Red Flags to Look Out for After Back Surgery

by Christina Lasich, MD Health Professional

Dear Dr Lasich - I'm six weeks post op spinal fusion surgery.Dec. 8, 2011 and then again eight days later I was in so much pain. The doctors went back in and found that a screw had broken by bone and some hardware was removed. My foot feels like it's on fire and top of my toes feels like someone is holding a match to them. I know nerve damage takes time to heal but I'm to the point not taking much more. I'm on Percocet and Lyrica. Can you please recommend something else I can take to help?Also will these pains go away eventually? I can't imagine living like this the rest of my life. I'm only 43 -Sad

Dear Sad,

Surgeons use hardware such as screws and rods to fix a spine. Unfortunately, this fix can sometimes ruin a life, especially when the screws go askew. These screws are called pedicle screws because they are lodged into the pedicle, which is a narrow strip of bone which helps to form the neuroforamen. Tucked within this protective cave is a very sensitive structure called the dorsal root ganglion (DRG). Anything that damages the DRG can cause severe nerve pain. The DRG is that sensitive because it is the "brain" or "grey matter" of the spinal nerve root that passes through the neuroforamen on its way to the limb. In your case, the most likely scenario is that the broken screw damaged the L5 DRG. The feet and tops of the toes have a burning sensation as a result of the nerve pain being generated in the L5 DRG.

The dorsal root ganglion has been the subject of great deal of research because it is such a key player in the generation of pain, spinal pain. A Medline search with the words "Dorsal Root Ganglion" generates over 19,000 hits. From there, it becomes a scientific quagmire. Some believe that the holy grail of pain relief lies in the DRG. And they may be right to a certain extent. One thing is for certain, DRG damage is a very painful experience. You are not the only one to have this unfortunate experience.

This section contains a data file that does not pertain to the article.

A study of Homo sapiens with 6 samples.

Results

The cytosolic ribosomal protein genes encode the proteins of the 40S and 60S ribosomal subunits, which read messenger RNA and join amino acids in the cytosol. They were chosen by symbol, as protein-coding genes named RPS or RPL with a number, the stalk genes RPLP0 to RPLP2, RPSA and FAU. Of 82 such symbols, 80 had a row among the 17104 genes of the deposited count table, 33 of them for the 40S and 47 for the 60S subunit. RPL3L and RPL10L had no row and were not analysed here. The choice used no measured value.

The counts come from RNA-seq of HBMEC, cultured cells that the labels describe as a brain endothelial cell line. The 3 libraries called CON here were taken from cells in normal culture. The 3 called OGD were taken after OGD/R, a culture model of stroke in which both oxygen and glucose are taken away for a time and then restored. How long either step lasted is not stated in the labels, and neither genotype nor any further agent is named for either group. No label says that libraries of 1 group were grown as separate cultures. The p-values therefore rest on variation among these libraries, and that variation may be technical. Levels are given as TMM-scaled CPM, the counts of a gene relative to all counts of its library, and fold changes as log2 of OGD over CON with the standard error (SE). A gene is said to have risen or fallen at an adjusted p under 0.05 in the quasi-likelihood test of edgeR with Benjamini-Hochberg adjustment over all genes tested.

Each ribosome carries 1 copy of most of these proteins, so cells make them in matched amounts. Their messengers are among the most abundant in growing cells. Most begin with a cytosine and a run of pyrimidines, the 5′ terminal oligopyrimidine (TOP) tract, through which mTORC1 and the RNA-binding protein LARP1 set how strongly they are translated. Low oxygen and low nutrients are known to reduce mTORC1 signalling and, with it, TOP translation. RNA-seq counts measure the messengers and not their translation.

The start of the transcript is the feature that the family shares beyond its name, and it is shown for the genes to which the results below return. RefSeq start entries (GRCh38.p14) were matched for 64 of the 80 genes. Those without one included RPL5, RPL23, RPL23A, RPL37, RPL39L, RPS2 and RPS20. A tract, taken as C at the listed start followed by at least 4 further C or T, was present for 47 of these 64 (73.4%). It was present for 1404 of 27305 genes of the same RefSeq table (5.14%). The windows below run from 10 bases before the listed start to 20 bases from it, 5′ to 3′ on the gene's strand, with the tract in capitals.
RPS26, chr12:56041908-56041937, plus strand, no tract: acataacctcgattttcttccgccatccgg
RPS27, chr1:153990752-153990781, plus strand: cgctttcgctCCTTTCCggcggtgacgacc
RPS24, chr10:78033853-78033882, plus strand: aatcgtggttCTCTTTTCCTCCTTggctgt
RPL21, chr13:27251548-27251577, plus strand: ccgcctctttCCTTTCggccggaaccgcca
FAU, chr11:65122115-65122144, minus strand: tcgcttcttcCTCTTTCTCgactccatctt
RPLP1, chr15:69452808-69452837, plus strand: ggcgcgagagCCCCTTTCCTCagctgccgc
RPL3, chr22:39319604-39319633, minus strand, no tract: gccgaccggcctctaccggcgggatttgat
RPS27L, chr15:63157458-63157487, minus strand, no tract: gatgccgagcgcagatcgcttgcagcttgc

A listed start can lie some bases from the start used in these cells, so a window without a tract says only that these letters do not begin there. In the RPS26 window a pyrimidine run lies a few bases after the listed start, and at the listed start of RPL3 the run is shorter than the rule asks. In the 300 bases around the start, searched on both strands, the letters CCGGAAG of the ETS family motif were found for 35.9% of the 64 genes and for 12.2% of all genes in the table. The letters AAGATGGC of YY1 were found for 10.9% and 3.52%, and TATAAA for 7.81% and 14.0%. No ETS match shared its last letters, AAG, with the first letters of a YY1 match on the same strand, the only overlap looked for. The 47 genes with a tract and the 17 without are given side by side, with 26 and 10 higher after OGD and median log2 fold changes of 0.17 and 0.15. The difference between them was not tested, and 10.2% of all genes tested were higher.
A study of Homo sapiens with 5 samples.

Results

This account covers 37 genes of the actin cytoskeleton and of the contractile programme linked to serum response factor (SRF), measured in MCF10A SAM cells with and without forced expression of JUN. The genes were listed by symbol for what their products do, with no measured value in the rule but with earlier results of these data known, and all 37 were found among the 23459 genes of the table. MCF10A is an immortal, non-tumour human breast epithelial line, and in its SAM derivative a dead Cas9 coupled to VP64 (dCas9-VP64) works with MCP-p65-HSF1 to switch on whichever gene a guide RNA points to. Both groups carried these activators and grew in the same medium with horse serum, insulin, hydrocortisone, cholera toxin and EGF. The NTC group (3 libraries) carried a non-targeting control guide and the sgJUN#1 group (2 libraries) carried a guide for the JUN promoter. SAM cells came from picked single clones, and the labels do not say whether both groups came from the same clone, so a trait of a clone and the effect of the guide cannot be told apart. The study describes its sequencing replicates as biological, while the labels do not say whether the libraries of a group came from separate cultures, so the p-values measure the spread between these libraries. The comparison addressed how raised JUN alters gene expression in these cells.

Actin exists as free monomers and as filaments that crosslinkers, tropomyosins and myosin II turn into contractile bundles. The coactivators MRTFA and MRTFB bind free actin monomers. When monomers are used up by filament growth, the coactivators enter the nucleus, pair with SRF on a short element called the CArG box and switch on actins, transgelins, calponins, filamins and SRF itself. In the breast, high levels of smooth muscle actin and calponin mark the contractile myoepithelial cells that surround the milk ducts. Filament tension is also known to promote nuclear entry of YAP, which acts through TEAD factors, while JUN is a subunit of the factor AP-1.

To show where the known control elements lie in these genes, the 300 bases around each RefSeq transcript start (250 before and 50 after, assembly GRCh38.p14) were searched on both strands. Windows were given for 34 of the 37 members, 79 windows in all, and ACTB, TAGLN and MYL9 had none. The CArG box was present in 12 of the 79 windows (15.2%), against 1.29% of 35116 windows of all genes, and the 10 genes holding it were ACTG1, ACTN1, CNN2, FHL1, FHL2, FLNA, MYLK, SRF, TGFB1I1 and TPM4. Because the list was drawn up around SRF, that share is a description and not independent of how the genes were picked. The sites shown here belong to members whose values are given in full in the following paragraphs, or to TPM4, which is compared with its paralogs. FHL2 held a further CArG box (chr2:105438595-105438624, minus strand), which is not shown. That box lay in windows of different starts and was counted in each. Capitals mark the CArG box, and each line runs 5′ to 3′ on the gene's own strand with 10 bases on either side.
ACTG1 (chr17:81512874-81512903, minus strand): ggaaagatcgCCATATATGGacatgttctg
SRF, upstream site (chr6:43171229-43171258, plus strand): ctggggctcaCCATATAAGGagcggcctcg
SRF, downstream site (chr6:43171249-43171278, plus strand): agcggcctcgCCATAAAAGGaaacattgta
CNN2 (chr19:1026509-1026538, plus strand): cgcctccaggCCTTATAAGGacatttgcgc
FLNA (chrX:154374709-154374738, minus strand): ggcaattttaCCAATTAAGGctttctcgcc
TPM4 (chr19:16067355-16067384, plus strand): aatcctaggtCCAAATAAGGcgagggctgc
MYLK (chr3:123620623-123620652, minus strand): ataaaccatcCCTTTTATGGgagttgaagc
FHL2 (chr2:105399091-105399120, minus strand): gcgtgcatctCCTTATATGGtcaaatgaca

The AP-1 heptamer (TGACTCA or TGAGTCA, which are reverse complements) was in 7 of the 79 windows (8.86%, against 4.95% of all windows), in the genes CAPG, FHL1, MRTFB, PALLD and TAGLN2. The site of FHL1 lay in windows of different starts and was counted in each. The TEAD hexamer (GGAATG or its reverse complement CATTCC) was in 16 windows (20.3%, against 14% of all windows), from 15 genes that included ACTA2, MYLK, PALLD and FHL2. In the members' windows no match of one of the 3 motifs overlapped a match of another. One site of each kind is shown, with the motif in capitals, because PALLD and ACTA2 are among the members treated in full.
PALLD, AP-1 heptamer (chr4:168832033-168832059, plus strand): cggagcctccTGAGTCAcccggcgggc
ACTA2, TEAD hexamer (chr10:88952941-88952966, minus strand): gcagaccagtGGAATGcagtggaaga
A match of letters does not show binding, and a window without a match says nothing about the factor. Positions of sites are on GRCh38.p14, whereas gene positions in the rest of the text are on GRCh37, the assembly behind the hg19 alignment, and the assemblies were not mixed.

The key to surviving this problem is twofold: aggressive initial action and patience. Obviously, the surgeon in this case acted aggressively when the problem unfolded. Removing the offending screws is critical to minimize the damage. Medications like Lyrica that help to control the eruption of nerve signals from a very angry mother ship, the DRG, should also be used aggressively. I would even argue for the treatment with epidural steroid injections, even if that could jeopardize the bone fusion. Failure of the bone to fuse seems like a minimal problem compared to the current one at hand.

Nervous system sensitization is a much more serious problem. Controlling the initial swelling and inflammation with epidural steroids (and possibly Ketamine) can help to prevent the sensitization of the nervous system. In fact, steroids applied to the nerve roots during a spinal operation can reduce the amount of pain experienced after the surgery. If I were you, I would have demanded for steroid injections yesterday.

Other medications worth considering are all the ones specific to nerve pain. Tramadol and Nucynta come to mind as alternatives to Percocet. And I would also consider the old trusty tricyclic analgesic (aka Tricyclic Antidepressants) medications like amitriptyline. Your problem with nerve pain after a broken screw will require a shotgun blast of medications used aggressively in these early, critical stages. Later on, more exotic procedures like repeat pulsed radiofrequency (PRF) and continuous radiofrequency (CRF) lesioning of the dorsal root ganglion (DRG) might be needed. (And yes, I would recommend Harvard and Dr. Bajwa.)

The second aspect of surviving a hit to the DRG is patience. Like much of the nervous system, the DRG can heal, just like the brain can heal after a stroke. If I was seeing you, I would recommend Acetyl-L-Carnitine and Alpha Lipoic Acid, which are two supplements known to help protect and heal the nerves. I would also look for ways to improve your health by exploring vitamins, nutrition, and lifestyle habits. All of these potential solutions take time to work because they assist healing.
Healing takes time.

One could only hope that this situation is temporary and that your life is not completely ruined by a surgery meant to fix your spine. With proper care and enough time, anything is possible.

Christina Lasich, MD
Meet Our Writer
Christina Lasich, MD

Christina Lasich, M.D., wrote about chronic pain and osteoarthritis for HealthCentral. She is physiatrist in Grass Valley, California. She specializes in pain management and spine rehabilitation.